Trekking Mount Kilimanjaro
Kilimanjaro is a dormant volcanic mountain with three peaks. At 5,895 metres, it’s the highest mountain in Africa, and among the highest free- standing mountains in the world. It attracts over 20,000 visitors per year to attempt to climb its peaks. Hikes around the base are also possible.
Kilimanjaro Flora and Fauna
Situated only 325 km south of the equator, the mountain rises impressively up from agricultural plains with its enigmatic glaciated peak. Even Though most visitors come for the climb, Kilimanjaro has an enormous biodiversity. Native species include the giant groundsels in the bunchgrass tussock grasslands, and other flora adapted to living in alpine plant conditions.
Trekking to the Summit
Since Mount Kilimanjaro doesn’t require any technical skills or special equipment to climb, thousands of trekkers are attracted by the challenge of climbing to the top annually. There are 6 main trekking routes: Marangu, Machame, Mweka, Rongai, Shira, and Umbwe. Of all the routes, Machame is regarded the most scenic, albeit steeper, route. It can be done in 6 or 7 days. The Marangu is relatively easy, however this route is often busy, the ascent and descent routes are the same, and accommodation is in shared huts.
People who wish to trek to the summit of Mount Kilimanjaro are strongly advised to undertake appropriate research and ensure that they are both properly equipped and physically capable. Though the climb is technically not as challenging as the high peaks of the Himalayas or Andes, the high elevation, low temperature, and occasional high winds make this a difficult and dangerous trek. Acclimatisation is very important, and even the most experienced trekkers suffer some degree of altitude sickness. All trekkers will suffer considerable discomfort, typically shortage of breath, hypothermia, and headaches.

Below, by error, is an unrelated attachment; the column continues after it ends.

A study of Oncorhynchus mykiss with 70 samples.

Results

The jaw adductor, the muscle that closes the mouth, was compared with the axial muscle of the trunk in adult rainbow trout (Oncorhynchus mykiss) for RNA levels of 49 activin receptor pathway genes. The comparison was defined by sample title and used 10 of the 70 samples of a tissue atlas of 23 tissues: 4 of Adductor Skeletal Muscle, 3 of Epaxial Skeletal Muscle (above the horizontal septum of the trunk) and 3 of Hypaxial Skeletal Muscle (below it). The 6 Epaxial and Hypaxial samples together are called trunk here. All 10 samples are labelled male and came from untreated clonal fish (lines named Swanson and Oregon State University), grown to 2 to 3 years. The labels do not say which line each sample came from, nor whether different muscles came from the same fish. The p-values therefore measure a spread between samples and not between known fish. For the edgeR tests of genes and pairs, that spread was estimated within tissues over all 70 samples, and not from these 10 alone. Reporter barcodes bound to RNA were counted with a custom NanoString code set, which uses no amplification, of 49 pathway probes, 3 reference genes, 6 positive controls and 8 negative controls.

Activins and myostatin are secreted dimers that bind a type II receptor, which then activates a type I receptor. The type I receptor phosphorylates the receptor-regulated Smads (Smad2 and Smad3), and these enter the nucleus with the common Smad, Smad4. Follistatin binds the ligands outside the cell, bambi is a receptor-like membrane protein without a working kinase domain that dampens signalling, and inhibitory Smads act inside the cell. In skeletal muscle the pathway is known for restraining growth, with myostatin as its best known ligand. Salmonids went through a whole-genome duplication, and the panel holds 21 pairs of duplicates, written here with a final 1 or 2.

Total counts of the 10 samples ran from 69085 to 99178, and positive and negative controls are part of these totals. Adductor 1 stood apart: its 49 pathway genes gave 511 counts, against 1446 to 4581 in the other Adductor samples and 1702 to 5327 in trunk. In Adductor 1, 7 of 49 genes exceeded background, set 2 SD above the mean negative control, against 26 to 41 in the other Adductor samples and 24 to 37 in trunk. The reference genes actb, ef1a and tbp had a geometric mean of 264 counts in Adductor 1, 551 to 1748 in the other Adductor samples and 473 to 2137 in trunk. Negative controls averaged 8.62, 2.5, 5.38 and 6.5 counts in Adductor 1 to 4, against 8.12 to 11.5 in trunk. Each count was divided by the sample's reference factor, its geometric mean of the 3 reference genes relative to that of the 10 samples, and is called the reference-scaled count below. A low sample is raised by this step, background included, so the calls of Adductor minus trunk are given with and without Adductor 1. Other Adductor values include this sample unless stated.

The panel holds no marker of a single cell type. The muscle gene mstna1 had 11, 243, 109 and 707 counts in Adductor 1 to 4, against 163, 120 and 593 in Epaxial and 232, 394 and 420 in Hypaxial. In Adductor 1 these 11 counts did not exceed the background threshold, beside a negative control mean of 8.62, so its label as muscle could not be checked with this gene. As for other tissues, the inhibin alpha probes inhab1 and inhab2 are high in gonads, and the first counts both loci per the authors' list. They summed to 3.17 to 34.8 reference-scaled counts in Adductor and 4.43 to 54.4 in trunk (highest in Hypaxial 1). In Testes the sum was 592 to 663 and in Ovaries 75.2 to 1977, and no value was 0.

The Tanzania National Parks Authority has mandated minimum climb durations for every route. These rules restrict climbs of fewer than 5 days on the Marangu Route, and ensure a minimum of six days for the other five sanctioned routes. Some experts say that these minimums are not sufficient to avoid the acute symptoms of altitude sickness. A simple guideline suggests that, it is way-safer (and far more enjoyable) to avoid altitude sickness by planning a sensible itinerary that allows for gradual acclimatization to high elevation as one ascends. Tour operators with a high turnover usually recommend an alternative climb length around seven to eight days.